Oxysterol Therapeutics®

Bone:

Oxysterols are comprised of a family of oxygenated derivatives of cholesterol that are present in the circulation, and in human and animal tissues. A role for specific oxysterols has been implicated in various physiologic processes including cholesterol metabolism, cellular differentiation, inflammation, apoptosis, and steroid production. The main identified receptors for certain oxysterols, that upon activation result in regulation of the transcription of target genes, are the liver X receptors (LXRs). However, many of the effects of oxysterols are not entirely explained by LXR activation, including their osteoinductive and anti-adipogenic effects on mesenchymal cells. We recently showed that the effects of specific oxysterols are mediated mainly through the transient activation of Hedgehog (Hh) signaling pathway in mesenchymal cells, a novel and previously unrecognized finding. In preclinical studies we found that osteogenic oxysterols robustly stimulate new bone formation in animals in models of spinal fusion and maxillofacial and cranial bone regeneration.

 

Cancer:

In addition to stimulating bone formation, we demonstrated that a different class of oxysterols, that differ in molecular structure from the osteogenic oxysterols, act as potent inhibitors of Hh signaling and clonogenic growth of various cancer cells in vitro and in vivo. In addition, these small molecules inhibit the response of stromal cells to Hh proteins derived from tumor cells in vitro. Unlike Smoothened antagonists (inhibitors of Hh signaling developed by other biotech/pharmaceutical companies), oxysterols inhibit aberrant Hh signaling induced downstream of Smoothened and may therefore be effective against a greater number of Hh pathway-mediated cancers.

The unique characteristics and advantages of oxysterols, as well as their potential for local and systemic delivery, relatively inexpensive large-scale synthesis, and anticipated lack of immunogenicity, prompted us to undertake further development into future therapeutic agents for use in targeting a variety of human diseases including cancers, bone defects, and osteoporosis. Accordingly, we have studied and continue to study structure-activity relationships for oxysterols.  As a result of proprietary knowledge that we have gained, we have been able to synthesize novel oxysterols with significantly improved profiles compared to their naturally occurring counterparts and we continue to generate a pipeline of oxysterols for future development into therapeutic agents.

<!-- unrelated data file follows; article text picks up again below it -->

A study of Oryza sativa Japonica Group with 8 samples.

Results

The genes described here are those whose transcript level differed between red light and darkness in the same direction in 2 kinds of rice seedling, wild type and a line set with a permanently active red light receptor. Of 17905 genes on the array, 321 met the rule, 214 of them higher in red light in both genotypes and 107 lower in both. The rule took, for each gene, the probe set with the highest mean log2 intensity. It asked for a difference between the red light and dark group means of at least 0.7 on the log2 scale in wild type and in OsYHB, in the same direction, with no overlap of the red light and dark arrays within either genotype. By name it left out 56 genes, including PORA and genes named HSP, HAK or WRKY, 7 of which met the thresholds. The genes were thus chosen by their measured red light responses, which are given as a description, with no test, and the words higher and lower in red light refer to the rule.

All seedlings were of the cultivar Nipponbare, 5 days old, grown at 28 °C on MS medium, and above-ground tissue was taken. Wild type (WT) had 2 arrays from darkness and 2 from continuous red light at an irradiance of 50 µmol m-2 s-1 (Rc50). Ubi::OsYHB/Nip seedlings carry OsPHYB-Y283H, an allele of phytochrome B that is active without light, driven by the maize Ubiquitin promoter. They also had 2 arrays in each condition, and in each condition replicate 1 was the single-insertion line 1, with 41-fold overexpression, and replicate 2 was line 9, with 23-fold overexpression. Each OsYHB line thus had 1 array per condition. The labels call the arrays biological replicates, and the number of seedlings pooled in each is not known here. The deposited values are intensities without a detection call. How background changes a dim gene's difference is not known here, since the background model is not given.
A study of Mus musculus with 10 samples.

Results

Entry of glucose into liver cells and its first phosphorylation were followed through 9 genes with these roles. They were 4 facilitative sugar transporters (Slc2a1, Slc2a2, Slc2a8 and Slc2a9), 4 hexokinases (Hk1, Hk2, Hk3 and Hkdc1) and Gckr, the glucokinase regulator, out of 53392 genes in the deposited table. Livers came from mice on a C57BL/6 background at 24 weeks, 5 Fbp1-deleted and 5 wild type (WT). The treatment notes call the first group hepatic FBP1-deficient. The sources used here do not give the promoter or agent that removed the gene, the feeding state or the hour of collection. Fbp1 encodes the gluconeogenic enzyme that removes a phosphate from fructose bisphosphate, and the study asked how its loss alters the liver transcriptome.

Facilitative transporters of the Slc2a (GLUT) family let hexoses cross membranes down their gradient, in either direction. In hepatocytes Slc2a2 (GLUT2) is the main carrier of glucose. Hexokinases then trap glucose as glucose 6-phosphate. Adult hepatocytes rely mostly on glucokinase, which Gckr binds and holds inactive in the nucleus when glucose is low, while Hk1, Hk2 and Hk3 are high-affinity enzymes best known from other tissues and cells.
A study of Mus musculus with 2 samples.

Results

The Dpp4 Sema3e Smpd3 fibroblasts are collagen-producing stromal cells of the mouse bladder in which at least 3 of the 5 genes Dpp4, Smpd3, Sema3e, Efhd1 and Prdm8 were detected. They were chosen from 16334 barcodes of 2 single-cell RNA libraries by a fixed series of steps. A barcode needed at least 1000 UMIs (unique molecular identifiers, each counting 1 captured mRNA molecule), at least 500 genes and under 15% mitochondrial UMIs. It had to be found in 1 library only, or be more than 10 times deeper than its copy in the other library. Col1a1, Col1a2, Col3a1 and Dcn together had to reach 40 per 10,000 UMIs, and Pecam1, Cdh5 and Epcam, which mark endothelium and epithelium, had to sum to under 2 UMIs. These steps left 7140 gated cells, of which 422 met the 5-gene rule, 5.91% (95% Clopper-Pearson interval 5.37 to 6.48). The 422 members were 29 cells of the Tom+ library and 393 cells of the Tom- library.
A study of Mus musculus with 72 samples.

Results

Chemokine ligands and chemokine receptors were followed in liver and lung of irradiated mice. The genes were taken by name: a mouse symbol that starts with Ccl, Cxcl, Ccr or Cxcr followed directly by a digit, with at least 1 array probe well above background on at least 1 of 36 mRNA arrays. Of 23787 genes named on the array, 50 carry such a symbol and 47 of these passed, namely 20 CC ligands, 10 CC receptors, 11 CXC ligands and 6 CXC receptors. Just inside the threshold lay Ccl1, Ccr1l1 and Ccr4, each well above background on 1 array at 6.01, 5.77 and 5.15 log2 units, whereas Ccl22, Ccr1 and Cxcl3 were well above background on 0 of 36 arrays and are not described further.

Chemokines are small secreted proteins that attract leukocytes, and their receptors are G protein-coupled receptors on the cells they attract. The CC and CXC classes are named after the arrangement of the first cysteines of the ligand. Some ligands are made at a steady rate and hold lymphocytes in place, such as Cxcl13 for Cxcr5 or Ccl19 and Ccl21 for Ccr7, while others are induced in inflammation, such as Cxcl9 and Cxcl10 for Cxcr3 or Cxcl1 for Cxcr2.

A Promising Platform:

The unique characteristics and advantages of oxysterols, as well as their potential for local and systemic delivery, relatively inexpensive large-scale synthesis, and anticipated lack of immunogenicity, prompted us to undertake further development into future therapeutic agents for use in targeting a variety of human diseases including cancers, bone defects, and osteoporosis. Accordingly, we have studied and continue to study structure-activity relationships for oxysterols.  As a result of proprietary knowledge that we have gained, we have been able to synthesize novel oxysterols with significantly improved profiles compared to their naturally occurring counterparts and we continue to generate a pipeline of oxysterols for future development into therapeutic agents.